Why are developed economies of world looking to fix minimum corporate tax rate?- The New Indian Express


Express News Service

NEW DELHI: Recently, the US Treasury Department had suggested a global minimum corporate tax rate of at least 15 per cent. The treasury department in a press release said that 15 per cent is a floor and that discussions should continue to be ambitious and push that rate higher.

Earlier, the US has suggested a minimum tax rate 21 per cent.

Experts say 15 per cent rate seems reasonable since many developing countries tend to have lower rate to promote investments. The new minimum rate suggested by the US is now much closure to the 12.5 per cent rate suggested by OECD, and experts say that there is now greater chance that the OECD proposal of 12.5 per cent might find favour with more countries.

The idea behind having a minimum corporate tax rate is to check the practice of large corporations shifting their bases to low or no tax regimes to avoid paying taxes in their home countries where corporate tax rates are higher.

The US treasury department said in a statement that the “international tax architecture must be stabilized, the global playing field must be fair and we must create an environment in which countries work together to maintain our tax bases and ensure the global tax system is equitable and equipped to meet the needs of the 21st century global economy.”

“It is imperative to work multilaterally to end the pressures of corporate tax competition and corporate tax base erosion,” the US Treasury in a statement.

Amit Maheshwari, Tax Partner, AKM Global, a tax and consulting firm says: “The move by the US for a global minimum tax rate would discourage US companies from shifting operations or profits to lower-tax jurisdictions as they mostly do it because of income from intangible sources such as patents, software and royalties on intellectual property to save them from paying higher taxes in their traditional home countries.”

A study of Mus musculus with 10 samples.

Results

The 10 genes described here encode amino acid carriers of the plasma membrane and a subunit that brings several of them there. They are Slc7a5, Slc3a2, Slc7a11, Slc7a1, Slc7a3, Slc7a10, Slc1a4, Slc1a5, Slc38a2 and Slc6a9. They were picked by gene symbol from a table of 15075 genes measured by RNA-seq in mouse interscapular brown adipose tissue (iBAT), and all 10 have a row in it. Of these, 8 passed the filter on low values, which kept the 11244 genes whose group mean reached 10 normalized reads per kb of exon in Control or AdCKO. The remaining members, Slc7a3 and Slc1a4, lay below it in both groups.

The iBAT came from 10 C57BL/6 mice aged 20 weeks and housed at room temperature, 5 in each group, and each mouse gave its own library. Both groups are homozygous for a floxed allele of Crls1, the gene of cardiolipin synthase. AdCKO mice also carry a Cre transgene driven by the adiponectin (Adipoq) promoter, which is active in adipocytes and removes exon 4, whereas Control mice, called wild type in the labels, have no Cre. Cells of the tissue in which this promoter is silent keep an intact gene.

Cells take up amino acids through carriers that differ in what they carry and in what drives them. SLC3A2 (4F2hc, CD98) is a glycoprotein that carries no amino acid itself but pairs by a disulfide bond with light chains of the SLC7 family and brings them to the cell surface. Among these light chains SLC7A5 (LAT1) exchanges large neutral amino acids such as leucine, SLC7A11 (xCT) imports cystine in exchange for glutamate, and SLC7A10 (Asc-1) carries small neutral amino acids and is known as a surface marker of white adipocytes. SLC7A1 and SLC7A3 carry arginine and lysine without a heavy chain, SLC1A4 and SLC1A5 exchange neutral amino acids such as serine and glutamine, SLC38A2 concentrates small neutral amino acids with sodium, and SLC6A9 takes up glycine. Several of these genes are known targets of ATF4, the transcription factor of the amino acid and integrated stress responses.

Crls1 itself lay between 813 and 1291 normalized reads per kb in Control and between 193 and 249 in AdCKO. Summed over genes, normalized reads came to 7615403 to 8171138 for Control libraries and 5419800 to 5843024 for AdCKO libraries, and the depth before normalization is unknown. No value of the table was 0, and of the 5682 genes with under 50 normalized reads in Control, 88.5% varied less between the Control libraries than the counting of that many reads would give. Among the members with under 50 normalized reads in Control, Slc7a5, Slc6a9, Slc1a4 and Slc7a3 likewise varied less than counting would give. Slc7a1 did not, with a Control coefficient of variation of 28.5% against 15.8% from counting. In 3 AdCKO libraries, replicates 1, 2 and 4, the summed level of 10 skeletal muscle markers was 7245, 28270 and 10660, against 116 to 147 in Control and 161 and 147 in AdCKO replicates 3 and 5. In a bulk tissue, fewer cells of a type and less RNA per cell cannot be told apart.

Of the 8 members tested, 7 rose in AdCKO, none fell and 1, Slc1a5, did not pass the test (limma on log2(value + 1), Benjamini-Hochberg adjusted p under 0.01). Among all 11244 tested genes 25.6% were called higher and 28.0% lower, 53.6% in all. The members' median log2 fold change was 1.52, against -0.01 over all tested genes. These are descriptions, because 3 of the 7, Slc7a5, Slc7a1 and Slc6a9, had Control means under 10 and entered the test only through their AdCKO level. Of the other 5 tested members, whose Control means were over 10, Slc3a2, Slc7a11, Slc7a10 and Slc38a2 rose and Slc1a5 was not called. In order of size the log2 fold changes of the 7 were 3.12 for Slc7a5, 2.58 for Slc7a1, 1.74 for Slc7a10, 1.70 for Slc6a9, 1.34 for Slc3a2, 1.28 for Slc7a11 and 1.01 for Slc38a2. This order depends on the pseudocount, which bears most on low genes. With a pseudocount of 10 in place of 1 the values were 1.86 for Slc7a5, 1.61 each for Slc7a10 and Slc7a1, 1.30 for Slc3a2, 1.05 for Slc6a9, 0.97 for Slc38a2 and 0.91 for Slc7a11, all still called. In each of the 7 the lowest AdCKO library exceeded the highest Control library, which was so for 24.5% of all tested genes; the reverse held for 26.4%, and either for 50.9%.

It is interesting to note that US president Joe Biden has proposed increasing US corporate tax rate from 21 per cent to around 28 per cent even as the US treasury is now pitching for a global minimum tax rate of 15 per cent.

The Organisation of Economic Cooperation and Development (OECD), an intergovernmental economic organisation with 37 member countries, has been under its Base Erosion and Profit Shifting (BEPS) project has been trying to achieve a global minimum tax rate to curb tax competition among countries. The minimum rate suggested by OECD is 12.5 per cent.

Rajesh Gandhi, Partner, Deloitte India, says that since the 15 per cent rate is now closer to the 12.5 per cent rate suggested at the OECD, there is a greater chance that the OECD proposals could get impetus. 

“Final determination of a global minimum rate would impact how the $100 billion pie of large MNCs is distributed amongst market economies,” he says.

Impact on India

Will India lose its competitive advantage if the world accepts the US proposal to have a minimum corporate tax rate of 15 per cent? 

India currently has a lowest corporate tax rate of 15 per cent for new manufacturing companies. For other corporates, the tax rate is 22 per cent.

If as suggested by the treasury, the minimum tax rate is pushed higher than the proposed 15 per cent, then India might be in a piquant situation.

While global minimum tax rate should ensure an equitable global tax system, it is believed that it would result in the loss of competitive advantage for developing countries including India that use tax as a measure to attract investment, says Rakesh Nangia, Chairman, Nangia Andersen India.

Nangia, therefore, says that India should focus on remaining attractive and competitive across all areas, including ease of doing business, high quality infrastructure, skilled labour, etc.